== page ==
Spearhead Opinion – 13.12.2016
By Farrukh Karamat
Senior Research Coordinator, Spearhead Research
The recent tragic crash of flight PK-661 highlighted the precipitous decline in the safety and service standards of the once proud national carrier. The loss of 48 lives in seemingly terrifying circumstances is extremely disturbing. In the immediate aftermath of this tragedy, another one was narrowly avoided when an ATR flight was aborted after engine trouble. I for one stopped flying Pakistan International Airlines (PIA) in 2000, after witnessing their appalling service standards. My argument for doing so was simple – an airline that is unable to meet service standards, is perpetually on the verge of bankruptcy (the fact is that PIA is bankrupt), and is being managed by organized Mafias within it cannot be safe to fly. The safety standards must be compromised. If the washroom aboard the aircraft is not functioning, the seats are broken, and the TV monitors do not function, you can well imagine the state of the engines, structure, and landing gear. No matter how competent the crew, they cannot fly a piece of junk.
In a recently published news, PIA inducted 21 pilots on contract to fly ATR’s. All these pilots were above the mandatory retirement age. The airline then spent USD 26,000 for simulator based training in Bangkok. Out of the initial batch of six pilots, four failed the simulator test after receiving 15 days of intensive training. Over the years pilot errors, crew involved in smuggling activities, faulty aircraft and numerous other issues have come in the news and seem to be bogging down the national airline. Some years back when the EU banned flights of 747’s from Pakistan to Europe, our immediate reaction was that the world is against us. It might have helped to explore why this action was deemed necessary and what could we do about it. Safety of the aircraft was the primary issue at that time.
It has even been suggested in certain parts of the media that PIA is not conducting proper scheduled maintenance of their aircraft and are in violation of the manufacturer standards. If this is true, PIA management should be held accountable for manslaughter. They are actually playing with the lives of the innocent passengers.
PIA has some of the best international routes to the major cities of the world, with direct flights from Pakistan. There are ‘hordes’ of Pakistanis living in all those major cities, who would prefer to use PIA if it were up to the mark. Similarly the majority of Pakistanis travelling abroad would prefer to use PIA if it were deemed safe. In addition, it has excellent connections within Pakistan. With such lucrative availability of business, why cannot PIA make a profit and be run efficiently?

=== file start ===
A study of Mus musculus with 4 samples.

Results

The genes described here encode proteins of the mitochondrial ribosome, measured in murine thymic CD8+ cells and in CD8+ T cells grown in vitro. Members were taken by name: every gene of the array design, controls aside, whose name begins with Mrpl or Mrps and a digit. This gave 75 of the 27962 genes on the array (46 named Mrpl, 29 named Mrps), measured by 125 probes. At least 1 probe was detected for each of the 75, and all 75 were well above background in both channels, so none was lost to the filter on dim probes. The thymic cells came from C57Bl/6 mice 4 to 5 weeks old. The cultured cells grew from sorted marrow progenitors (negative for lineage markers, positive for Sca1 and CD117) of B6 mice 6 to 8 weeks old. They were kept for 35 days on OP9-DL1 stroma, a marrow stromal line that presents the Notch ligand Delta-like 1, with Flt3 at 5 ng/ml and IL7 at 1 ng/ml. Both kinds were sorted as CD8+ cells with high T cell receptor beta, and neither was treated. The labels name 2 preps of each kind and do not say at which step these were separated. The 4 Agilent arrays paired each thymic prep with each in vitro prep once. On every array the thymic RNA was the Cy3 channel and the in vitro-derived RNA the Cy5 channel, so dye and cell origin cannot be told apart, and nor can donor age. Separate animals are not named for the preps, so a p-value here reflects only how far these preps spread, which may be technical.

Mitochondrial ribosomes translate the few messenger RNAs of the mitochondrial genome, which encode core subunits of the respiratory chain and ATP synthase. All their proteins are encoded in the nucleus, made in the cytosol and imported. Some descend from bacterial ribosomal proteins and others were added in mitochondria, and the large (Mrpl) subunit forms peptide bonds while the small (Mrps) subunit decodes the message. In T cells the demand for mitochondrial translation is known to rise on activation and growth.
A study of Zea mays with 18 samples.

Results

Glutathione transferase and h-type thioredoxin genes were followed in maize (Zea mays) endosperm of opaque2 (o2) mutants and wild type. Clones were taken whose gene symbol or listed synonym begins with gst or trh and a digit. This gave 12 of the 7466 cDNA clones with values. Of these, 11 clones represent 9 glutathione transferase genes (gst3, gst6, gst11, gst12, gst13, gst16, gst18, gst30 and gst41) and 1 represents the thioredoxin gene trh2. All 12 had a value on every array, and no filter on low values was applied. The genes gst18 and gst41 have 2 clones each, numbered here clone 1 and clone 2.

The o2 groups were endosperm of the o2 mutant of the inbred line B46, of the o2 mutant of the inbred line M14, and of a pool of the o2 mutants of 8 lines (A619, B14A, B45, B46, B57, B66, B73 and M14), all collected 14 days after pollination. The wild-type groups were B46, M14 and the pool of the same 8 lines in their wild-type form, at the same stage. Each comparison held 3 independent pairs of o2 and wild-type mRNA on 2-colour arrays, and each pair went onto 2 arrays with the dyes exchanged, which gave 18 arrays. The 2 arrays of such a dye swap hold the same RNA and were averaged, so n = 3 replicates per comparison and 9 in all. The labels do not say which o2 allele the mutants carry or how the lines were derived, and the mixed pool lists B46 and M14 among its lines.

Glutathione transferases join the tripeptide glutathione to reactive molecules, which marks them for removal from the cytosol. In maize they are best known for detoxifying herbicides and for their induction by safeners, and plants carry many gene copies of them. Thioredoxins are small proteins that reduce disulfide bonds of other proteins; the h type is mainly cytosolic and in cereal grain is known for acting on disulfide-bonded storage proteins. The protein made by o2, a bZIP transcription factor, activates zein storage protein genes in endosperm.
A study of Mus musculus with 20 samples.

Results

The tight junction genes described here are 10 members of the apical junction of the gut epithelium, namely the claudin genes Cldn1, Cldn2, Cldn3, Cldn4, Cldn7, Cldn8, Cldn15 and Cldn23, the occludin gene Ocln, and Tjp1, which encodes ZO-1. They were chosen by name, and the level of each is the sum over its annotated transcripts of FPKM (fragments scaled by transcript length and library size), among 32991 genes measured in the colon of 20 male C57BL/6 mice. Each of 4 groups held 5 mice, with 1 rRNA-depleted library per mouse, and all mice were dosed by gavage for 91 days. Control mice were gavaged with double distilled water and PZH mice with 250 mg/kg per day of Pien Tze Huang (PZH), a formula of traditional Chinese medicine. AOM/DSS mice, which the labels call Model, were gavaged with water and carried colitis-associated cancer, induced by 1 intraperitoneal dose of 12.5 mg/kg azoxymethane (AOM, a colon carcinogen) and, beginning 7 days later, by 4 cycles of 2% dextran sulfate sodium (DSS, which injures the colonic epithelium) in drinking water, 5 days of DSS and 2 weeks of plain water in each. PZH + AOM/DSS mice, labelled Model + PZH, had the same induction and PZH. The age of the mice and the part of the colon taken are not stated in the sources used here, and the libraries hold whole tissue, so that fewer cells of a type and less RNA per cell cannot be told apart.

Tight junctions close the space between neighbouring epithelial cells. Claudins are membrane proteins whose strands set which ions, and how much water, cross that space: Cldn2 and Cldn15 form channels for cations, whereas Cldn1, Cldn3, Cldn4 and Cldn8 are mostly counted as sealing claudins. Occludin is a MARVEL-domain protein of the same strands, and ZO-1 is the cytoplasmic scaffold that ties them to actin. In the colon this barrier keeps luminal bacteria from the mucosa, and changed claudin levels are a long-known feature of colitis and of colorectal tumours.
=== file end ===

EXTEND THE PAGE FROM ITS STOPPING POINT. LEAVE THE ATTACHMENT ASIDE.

Perhaps the answer lies in the political intervention and nepotism that has plagued PIA. Had this airline been allowed to manage its own affairs with a professional management comprising people who understood the business and were allowed to run it as a business, PIA would have had a different destiny. The ingredients for an extremely successful venture were there, it’s just that contamination from outside led to the rancidity.
The Chairman of PIA in the immediate aftermath of the crash, in a press conference categorically stated that the aircraft was ‘technically sound’ and there was ‘no pilot error’. That leaves the possibility of a terrorist attack or an act of God. He has had to tender his resignation, but he cannot be absolved of the blame for the loss of innocent lives. It was under his watch that PIA continued to nose dive.
PIA is but a sad reflection of its once glorious past. Like a lot of other state institutions it has been rotting for a long time, bolstered by handouts from successive governments. It is not something that cannot be fixed and made viable again. It just requires the resolve, professional management, and technical competence – all of which are available but not allowed to function in this country. After all if an aircraft can be deputed for official duties to fly the leaders at their whims and fancies, in total disregard of the inconvenience and loss to the passengers and the organization, what improvement can one expect. Like everything else the policy of if it is broken leave it has to be replaced by if it is broken then fix it.
Tragedies such as PK-661 should not have happened and should not be allowed to happen again.